At road junctions and in housing estates in Nottingham, levels of fine particulate matter (PM2.5) are exceeding World Health Organisation (WHO) limits, local campaigners have warned.
The campaign group Clean Air Nottingham used air quality monitoring equipment loaned from the University of Nottingham to carry out PM2.5 readings around the city on two different afternoons.
The campaigners estimate that the problem is killing 150 people in Nottingham each year and is making many more people slightly or severely ill.
Despite the problem, Nottingham City Council only has one automatic monitoring station which measures PM2.5, while PM2.5 is not specifically included in the council’s clean air plans.
‘PM2.5 is a secret killer in two ways,’ says Roger Critchley, co-author of the report. ‘Firstly, because most people don’t know about it. Secondly, because no-one knows the exact sources of these fine particles in Nottingham.’
The results revealed high levels of fine particles not just by busy junctions and roads but also within housing estates, although two readings taken at Nottingham train station were not ‘notably high’.
Overall, the researchers found readings between 7?g/m3 and 15?g/m3 throughout the city area, commenting that the similarity of many of the readings illustrates PM2.5’s ‘pervasive effect’ in Nottingham.
Clean Air Nottingham has called on the council to identify the sources of Nottingham’s PM2.5 pollution and monitor its levels citywide so it can draw up a plan of action.
‘Nottingham City Council has focused on nitrogen dioxide in the air and they’ve made some good progress,’, said Karl Barrow, report co-author. ‘Yet the biggest killer has been sidelined.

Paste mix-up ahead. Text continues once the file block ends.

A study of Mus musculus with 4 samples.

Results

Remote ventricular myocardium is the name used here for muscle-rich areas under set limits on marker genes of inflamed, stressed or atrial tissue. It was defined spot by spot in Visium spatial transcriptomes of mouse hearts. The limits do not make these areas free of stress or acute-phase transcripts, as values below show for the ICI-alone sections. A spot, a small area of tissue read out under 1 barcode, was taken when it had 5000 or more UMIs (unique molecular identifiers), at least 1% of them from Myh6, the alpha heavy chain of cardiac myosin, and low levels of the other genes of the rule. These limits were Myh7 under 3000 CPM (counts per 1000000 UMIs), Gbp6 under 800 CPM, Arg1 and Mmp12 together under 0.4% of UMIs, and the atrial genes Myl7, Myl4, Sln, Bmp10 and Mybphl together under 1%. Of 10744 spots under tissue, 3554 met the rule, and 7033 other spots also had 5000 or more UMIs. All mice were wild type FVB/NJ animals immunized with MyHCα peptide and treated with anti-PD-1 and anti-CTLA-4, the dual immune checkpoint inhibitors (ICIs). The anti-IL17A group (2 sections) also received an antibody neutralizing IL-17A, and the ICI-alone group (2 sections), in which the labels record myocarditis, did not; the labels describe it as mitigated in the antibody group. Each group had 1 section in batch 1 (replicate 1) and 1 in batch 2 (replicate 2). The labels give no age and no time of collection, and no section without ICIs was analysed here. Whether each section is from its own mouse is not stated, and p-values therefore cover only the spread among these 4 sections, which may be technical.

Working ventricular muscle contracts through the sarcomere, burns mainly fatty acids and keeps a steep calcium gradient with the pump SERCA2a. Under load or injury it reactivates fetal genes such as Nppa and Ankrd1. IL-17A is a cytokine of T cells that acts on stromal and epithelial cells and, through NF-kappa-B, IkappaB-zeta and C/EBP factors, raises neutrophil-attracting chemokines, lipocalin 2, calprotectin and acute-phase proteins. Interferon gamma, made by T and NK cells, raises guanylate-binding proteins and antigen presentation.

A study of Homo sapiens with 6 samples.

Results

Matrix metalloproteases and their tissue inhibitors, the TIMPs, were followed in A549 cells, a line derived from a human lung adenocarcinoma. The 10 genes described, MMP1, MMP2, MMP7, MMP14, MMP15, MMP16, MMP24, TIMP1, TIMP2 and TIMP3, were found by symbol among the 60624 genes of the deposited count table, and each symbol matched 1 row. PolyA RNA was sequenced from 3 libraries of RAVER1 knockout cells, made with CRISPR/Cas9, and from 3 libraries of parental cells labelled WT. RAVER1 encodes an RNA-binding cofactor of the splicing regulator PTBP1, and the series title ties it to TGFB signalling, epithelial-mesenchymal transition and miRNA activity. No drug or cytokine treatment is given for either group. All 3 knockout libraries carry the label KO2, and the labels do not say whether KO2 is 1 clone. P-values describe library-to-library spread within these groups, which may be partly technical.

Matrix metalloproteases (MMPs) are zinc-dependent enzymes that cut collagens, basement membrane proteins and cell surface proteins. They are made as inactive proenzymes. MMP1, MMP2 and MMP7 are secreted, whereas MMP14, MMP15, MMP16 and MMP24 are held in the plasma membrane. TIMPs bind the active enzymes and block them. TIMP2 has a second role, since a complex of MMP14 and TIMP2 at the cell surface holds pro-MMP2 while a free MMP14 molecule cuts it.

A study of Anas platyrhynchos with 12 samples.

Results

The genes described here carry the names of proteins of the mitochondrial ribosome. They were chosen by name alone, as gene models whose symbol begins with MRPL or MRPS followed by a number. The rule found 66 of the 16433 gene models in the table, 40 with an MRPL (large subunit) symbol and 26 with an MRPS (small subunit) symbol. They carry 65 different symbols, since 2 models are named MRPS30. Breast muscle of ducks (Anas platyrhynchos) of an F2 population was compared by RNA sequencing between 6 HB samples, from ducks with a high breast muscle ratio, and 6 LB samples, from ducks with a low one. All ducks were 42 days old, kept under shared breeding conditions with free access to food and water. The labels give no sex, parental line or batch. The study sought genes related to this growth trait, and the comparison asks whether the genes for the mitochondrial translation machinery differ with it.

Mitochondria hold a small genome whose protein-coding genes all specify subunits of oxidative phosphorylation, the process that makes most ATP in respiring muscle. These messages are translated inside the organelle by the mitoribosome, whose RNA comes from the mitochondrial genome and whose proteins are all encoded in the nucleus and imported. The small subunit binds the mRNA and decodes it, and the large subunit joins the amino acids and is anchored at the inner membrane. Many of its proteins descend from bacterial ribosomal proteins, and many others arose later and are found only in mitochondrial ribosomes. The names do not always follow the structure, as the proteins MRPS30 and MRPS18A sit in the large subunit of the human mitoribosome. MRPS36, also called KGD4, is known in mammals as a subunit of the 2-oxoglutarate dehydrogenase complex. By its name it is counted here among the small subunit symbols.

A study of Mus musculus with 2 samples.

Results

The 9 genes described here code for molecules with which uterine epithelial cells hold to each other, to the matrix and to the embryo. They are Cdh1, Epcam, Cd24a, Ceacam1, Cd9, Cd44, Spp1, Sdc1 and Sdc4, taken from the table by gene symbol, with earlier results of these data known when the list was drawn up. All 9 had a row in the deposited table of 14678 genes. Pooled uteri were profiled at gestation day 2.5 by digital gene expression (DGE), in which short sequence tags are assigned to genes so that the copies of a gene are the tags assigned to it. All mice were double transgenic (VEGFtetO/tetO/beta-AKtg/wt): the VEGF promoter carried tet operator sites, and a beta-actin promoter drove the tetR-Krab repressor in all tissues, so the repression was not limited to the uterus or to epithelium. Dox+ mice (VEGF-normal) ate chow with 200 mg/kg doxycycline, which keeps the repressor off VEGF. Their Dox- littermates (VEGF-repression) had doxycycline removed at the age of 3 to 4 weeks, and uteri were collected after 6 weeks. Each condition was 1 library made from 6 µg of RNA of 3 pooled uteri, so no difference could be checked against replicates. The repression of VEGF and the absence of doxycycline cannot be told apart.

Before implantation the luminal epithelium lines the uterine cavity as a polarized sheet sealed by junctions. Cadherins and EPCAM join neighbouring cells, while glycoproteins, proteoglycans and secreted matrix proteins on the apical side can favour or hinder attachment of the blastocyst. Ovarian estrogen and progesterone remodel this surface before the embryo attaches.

‘The city only has one monitoring point for PM2.5, so we’re calling for Nottingham City Council, the government and other bodies to measure exactly what is going on and pinpoint exactly what is causing it.
‘Without such information no real progress can be made.’
In response, Nottingham City Council said they are taking steps to clean up the city’s bus and taxi fleet and introducing a workplace car parking levy.
However, it admitted that PM2.5 is a problem in Nottingham but blamed sources from outside the city for the high readings.
Cllr Sally Longford, deputy leader and portfolio holder for energy and environment, said: ‘We know that PM2.5 is still an issue, not just in Nottingham but across the country.
‘The difficulty is that much of this pollution comes from outside the city and at times can come from some distance away – usually from industrial, commercial and agricultural sources,’ she added.
Yesterday, Environment Minister Michael Gove said the government will enshrine WHO limits for PM2.5 in UK law.